Do we need a CBD?

From Stuff and Ben Heather about Christchurch:

Christchurch’s central business district is built largely on liquefaction-prone soil, making it “complex and challenging” to construct new quake-resistant buildings.

A geotechnical report commissioned by the Canterbury Earthquakes Royal Commission says the ground beneath Christchurch’s quake-shattered central city sits only one metre to 1.5m above the water table. In addition, it is riddled with underground aquifers and streams.

In the report, Canterbury University associate professor Misko Cubrinovski and Christchurch geotechnical engineer Ian McCahon said the top 25m of soil was a “highly variable” marbling of different layers. Some large buildings sat on firm gravel on one end and silty liquefaction-prone sand on the other.

“These soils are generally considered susceptible to liquefaction, and in some cases (when deposited in a loose state) they exhibit very low resistance to liquefaction.”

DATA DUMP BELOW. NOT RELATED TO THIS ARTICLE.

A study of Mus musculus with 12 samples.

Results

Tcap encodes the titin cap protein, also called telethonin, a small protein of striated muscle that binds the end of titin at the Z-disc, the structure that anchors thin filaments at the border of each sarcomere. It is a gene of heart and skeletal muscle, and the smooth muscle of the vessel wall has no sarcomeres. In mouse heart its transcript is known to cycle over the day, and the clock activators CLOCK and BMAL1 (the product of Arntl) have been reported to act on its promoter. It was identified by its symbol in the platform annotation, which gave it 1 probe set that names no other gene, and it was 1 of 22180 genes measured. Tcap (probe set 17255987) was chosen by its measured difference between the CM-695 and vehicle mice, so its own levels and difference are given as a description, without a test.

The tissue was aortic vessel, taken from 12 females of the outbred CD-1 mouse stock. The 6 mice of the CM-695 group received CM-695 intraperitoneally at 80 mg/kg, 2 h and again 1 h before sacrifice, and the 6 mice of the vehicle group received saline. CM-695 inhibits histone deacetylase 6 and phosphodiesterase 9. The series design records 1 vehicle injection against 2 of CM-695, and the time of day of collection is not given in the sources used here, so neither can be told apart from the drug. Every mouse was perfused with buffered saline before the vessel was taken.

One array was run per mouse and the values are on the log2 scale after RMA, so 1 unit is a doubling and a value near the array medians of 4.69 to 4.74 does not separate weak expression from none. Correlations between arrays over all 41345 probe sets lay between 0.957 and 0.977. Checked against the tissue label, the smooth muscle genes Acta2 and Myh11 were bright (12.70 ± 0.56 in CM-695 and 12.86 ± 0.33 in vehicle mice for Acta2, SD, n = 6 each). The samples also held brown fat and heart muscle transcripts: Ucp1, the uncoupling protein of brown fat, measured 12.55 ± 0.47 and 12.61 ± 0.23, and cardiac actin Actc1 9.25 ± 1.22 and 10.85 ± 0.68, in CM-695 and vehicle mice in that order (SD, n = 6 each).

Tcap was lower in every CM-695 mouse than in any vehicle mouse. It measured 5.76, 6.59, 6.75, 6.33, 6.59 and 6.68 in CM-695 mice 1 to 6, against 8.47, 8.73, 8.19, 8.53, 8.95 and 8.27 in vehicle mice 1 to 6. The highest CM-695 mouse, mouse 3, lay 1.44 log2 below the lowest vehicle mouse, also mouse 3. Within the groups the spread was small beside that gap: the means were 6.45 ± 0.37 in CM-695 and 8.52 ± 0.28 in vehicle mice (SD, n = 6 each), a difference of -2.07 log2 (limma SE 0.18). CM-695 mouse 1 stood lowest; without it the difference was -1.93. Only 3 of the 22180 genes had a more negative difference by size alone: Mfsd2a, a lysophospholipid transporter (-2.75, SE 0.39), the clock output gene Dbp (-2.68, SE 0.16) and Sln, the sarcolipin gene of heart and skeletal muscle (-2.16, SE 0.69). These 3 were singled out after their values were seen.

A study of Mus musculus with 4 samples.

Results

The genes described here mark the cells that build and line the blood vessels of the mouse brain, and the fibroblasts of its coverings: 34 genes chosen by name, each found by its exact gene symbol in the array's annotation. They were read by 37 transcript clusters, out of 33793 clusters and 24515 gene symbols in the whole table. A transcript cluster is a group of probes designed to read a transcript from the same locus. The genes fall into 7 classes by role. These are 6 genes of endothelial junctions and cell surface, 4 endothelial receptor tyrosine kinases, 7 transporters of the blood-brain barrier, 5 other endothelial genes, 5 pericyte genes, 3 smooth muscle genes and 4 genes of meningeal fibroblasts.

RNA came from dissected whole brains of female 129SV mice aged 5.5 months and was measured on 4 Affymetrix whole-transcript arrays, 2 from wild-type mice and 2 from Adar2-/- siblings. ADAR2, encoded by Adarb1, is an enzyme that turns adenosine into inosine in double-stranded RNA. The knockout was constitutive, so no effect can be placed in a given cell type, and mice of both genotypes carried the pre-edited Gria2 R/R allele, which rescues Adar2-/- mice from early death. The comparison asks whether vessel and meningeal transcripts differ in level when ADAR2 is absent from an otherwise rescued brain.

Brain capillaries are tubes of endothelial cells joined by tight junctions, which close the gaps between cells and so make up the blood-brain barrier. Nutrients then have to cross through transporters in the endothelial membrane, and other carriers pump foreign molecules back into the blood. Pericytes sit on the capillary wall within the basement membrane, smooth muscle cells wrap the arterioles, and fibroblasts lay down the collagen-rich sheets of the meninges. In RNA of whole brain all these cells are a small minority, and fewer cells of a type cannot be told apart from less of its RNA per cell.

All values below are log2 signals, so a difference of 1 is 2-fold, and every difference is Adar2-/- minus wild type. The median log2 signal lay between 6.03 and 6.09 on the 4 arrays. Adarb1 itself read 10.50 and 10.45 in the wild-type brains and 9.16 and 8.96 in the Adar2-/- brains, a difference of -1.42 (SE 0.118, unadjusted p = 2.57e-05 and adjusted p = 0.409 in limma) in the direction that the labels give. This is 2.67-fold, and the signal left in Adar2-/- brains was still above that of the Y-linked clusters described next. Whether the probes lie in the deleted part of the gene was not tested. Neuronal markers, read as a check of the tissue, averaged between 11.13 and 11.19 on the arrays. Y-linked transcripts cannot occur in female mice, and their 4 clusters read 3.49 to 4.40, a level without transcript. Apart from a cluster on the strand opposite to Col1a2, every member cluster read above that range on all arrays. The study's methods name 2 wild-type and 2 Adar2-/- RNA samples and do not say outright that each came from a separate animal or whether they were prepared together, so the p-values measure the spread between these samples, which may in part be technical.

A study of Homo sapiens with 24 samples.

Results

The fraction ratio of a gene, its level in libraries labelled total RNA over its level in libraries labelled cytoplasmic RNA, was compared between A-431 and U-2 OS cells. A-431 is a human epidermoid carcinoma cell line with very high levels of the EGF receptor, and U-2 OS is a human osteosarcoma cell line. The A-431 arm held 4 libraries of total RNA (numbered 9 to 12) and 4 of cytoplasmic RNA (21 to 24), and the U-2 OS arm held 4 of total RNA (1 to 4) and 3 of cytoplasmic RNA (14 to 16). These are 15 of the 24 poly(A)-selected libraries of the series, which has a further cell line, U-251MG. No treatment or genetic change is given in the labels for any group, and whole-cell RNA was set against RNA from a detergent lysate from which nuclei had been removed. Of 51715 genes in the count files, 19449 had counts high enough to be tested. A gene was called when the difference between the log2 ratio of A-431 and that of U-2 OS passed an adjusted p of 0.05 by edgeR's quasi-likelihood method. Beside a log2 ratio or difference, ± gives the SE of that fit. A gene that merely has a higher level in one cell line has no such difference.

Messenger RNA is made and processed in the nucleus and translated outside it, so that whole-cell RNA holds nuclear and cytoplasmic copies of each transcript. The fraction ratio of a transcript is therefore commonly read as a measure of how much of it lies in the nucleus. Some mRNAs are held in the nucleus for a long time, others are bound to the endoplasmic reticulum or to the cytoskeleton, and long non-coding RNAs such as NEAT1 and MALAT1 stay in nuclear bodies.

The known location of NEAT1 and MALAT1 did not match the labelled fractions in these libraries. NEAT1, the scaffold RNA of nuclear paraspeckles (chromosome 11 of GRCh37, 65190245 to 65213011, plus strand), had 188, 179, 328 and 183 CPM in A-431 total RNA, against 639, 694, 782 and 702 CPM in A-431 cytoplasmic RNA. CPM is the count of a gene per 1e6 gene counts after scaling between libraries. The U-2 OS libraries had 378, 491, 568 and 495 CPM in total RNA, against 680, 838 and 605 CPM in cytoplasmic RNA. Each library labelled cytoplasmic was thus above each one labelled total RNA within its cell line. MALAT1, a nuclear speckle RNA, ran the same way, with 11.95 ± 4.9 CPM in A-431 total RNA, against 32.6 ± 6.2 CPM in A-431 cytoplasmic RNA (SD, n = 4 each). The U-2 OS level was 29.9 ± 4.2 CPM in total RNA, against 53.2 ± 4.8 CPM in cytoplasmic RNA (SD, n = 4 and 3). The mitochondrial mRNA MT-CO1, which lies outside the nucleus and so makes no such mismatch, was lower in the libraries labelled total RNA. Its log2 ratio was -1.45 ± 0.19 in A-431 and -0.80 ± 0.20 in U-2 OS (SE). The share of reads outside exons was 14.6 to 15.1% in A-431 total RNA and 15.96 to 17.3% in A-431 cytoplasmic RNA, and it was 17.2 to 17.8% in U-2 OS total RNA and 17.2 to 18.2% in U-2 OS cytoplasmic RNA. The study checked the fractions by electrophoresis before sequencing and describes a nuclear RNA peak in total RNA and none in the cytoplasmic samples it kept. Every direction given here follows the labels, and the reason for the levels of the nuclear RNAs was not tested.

I really do wonder why we are pursuing a 19th century concept in the re-build of Christchurch. As my post the other day pointed out we are experiencing a rapid change int eh way we work and where we work. Christchurch has a perfect opportunity to embrace those changes before the rest of the country.



They say that news is something that someone, somewhere, wants kept quiet.   Cam Slater doesn’t do quiet, and as a result he is a polarising, controversial but highly effective journalist that takes no prisoners.

He is fearless in his pursuit of a story.

Love him or loathe him.  But you can’t ignore him.